Identification. Nauru is an independent republic, an associate member of the British Commonwealth, and a member of the South Pacific Commission and the South Pacific Forum. The indigenous term for the island is Nauru, but early European visitors gave it the name of "Pleasant Island," which was used briefly.
Location. The single raised coral island of Nauru is located in the center of the Pacific basin, at 0°25′ S, 166°56′ E. It has a narrow fringing reef that drops off very steeply to the ocean floor. A fertile belt some 150-300 meters wide above the shoreline encircles the island. On the inland side a coral cliff rises to a height up to 300 meters above sea level; this central plateau once bore the richest deposit of phosphate rock in the Pacific, but this deposit is almost mined out, leaving stark coral pinnacles.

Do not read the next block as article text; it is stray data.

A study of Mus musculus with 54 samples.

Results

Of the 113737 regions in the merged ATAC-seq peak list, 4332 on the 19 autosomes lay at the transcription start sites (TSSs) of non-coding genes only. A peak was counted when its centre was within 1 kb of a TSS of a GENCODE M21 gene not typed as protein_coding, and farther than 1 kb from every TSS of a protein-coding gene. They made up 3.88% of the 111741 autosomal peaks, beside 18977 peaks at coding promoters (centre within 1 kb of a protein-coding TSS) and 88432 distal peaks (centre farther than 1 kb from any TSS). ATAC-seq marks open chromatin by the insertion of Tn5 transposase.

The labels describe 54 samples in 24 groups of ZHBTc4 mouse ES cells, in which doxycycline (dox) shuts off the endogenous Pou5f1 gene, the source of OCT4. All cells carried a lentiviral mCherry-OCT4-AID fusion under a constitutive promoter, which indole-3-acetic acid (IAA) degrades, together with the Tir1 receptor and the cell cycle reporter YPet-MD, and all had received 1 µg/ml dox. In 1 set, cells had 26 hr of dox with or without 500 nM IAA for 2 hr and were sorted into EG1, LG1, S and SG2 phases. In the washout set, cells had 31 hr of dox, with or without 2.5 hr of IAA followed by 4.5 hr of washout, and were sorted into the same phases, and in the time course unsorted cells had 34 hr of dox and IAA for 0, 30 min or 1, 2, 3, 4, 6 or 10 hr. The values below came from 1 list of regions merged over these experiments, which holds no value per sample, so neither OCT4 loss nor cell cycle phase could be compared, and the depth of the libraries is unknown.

Demography. At the last census in 1983 the Nauruan population was 4,964, with another 2,134 residents from Kiribati and Tuvalu and 263 Europeans, almost all employed by the Nauru Phosphate Commission. Since the previous census in 1977 the proportion of Nauruans has increased from 57 percent to 62 percent. Nauruans have a positive-growth population policy partly because of a series of declines in the past, including reduction to 589 persons during World War II.
Linguistic Affiliation. Nauruan is classified as an isolate within the Micronesian Family of Austronesian languages. It contains many Kiribati words, but it has deviant features that do not fit easily with neighboring Micronesian or Polynesian languages. Most Nauruans also speak English.